Few trades in recent memory have been as jaw-droppingly awesome as the seven-player blockbuster last July between the Dallas Stars and the Boston Bruins. An honest-to-God hockey trade that was headlined by emerging star Tyler Seguin and long-time stalwart Loui Eriksson, the deal provided the kind of drama that most NHL moves lack: huge risk, massive reward, high-end talent and a surprisingly long list of players moving in both directions.
The deal was notable, too, for its authors.
On the one side, Bruins general manager Peter Chiarelli is well-established as one of the league’s best; Boston won the 2011 Stanley Cup and has been perhaps the most dominant team in the Eastern Conference over the last half-decade.
On the other side, Jim Nill was a newcomer prior to the trade but a highly respected hockey mind who had served a long apprenticeship with the always impressive Detroit Red Wings.
It was certainly the kind of deal that could only have been made by two men supremely confident in their organizations and their own abilities. Boston dealt a potential franchise talent, while Dallas moved one of its most reliable citizens and added a pile of quality prospects to sweeten the pot.
Just over a year has now passed, and we’re in a place where we can assess the early results of the trade. How has each team fared?
Eriksson was the obvious centerpiece of the deal from Boston’s perspective, a veteran right wing who could replace Seguin’s scoring and add the kind of complete game that the 2010 second overall pick lacked. A three-time 70-point man in Dallas, Eriksson was coming off a bad campaign. In his debut season in Beantown, he delivered more of the same, posting just 37 points in a 61-game season that was heavily impacted by injury.
Fortunately for the Bruins, one of the prospects acquired in the deal stepped up in a big way. Reilly Smith, a third-round pick back in 2009, went from a part-time NHLer to significant scorer, posting 20 goals and 51 points and taking a job alongside Patrice Bergeron in Boston’s top six. As good a prospect as he was, he’d only put up nine points in 37 major league games in 2012-13, making his immediate production a very pleasant surprise.
Joe Morrow, the defenceman who was picked in the first round of the 2011 draft, has yet to have that kind of impact in the NHL but is a promising prospect for the Bruins. The offensive defenceman was recently ranked as the NHL’s 50th-best prospect in the Future Watch edition of The Hockey News and is second only to goalie Malcolm Subban in importance in the B’s development pipeline.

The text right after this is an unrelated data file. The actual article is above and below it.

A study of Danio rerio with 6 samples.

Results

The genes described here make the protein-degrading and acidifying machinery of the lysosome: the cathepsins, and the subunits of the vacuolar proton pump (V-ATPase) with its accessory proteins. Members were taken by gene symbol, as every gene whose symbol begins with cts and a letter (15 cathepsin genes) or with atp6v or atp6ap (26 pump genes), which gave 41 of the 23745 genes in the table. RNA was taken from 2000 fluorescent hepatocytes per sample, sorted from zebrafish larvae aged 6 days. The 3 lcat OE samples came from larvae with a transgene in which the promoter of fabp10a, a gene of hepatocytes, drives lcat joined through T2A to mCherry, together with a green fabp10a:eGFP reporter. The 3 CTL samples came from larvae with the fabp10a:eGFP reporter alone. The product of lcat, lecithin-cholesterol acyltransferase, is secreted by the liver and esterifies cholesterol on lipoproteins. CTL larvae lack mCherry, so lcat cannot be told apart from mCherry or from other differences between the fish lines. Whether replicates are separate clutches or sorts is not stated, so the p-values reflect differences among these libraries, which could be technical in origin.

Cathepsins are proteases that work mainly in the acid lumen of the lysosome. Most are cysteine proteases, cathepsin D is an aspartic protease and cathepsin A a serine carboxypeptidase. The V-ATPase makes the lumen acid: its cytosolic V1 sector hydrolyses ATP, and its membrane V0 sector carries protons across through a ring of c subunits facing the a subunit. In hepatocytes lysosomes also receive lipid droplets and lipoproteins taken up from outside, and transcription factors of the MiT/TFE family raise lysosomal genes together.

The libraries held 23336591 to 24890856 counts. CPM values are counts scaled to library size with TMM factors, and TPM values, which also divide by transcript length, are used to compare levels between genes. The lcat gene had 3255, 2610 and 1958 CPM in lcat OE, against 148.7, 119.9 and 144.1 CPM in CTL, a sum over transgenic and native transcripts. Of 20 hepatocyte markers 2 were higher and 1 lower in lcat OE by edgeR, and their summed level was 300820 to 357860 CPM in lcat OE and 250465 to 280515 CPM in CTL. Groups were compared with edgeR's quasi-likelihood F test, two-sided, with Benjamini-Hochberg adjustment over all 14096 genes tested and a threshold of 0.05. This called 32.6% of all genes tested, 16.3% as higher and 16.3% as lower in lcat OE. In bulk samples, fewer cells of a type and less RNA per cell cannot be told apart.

The fourth piece acquired by Boston was Matt Fraser, a 24-year-old winger with a proven record of goal scoring in the AHL. He played 14 games for the Bruins in 2013-14, and four more in the postseason, and will doubtless challenge for a full-time NHL job next season.
Beyond the tangible, many suggested that the Bruins would gain a significant intangible in the removal of a disruptive presence from the locker room.
“It doesn't matter how high you're drafted, what it took to acquire you in a trade, or how much you're being paid," wrote NHL.com's Matt Kalman following the deal. "If the way you play the game doesn't fit the blueprint Boston Bruins general manager Peter Chiarelli has for his roster, you're expendable.”
The trouble with the intangible argument is that it’s awfully difficult to quantify the impact of things that happen off the ice. Boston was able to win the Stanley Cup in 2011 and take Chicago to six games in the 2013 Cup Final with Seguin in the locker room; last season, the club fell in the second round. Whatever Seguin’s problems on or off the ice, they didn’t prevent the Bruins from having success, and their absence didn’t suddenly lead to another championship.
Dallas took a chance on Seguin’s reported issues because he’s a phenomenal hockey player, and a year in, their gamble looks wholly justified. Seguin finished fourth in the entire NHL with 84 points, leading the team in scoring and finding instant chemistry with regular partner Jamie Benn. Furthermore, the Stars made their first playoff appearance in six seasons.
Seguin’s emergence as an NHL superstar helped to compensate for the misfortune suffered by the other significant player coming over in the deal.
Rich Peverley, a versatile NHL role player, scored 30 points in 62 games for Dallas in 2013-14 but suddenly collapsed on the bench during a March 10 game against Columbus. He was suffering from atrial fibrillation and spent the remainder of the campaign recovering from heart surgery. His NHL future remains uncertain; while he told Texas radio station 1310 The Ticket that he’d like to return, he also made it clear that it just might not be possible.
The final player included in the package going to Dallas was defenceman Ryan Button, who split 2013-14 between the AHL and ECHL and is not a prospect of particular note.
But even with Button’s poor play and Peverley’s poor health, it’s hard not to like Nill’s work in this trade. Top-10 NHL scorers at the age of 22 who are still years from their prime aren't usually available in trades, and while Boston landed two excellent players and two significant prospects, it just isn’t enough to make up the difference.
There is a truism about the team getting the better player winning the trade because it’s much, much harder to find elite talent than it is to add supporting pieces, and in this case, the truism is right.
Chiarelli and the Bruins got a really nice group of players back for Seguin; the return was everything that could be expected. The problem is simply that they never should have been willing to deal that player in the first place.
Jonathan Willis covers the NHL for Bleacher Report. Follow him on Twitter for more of his work.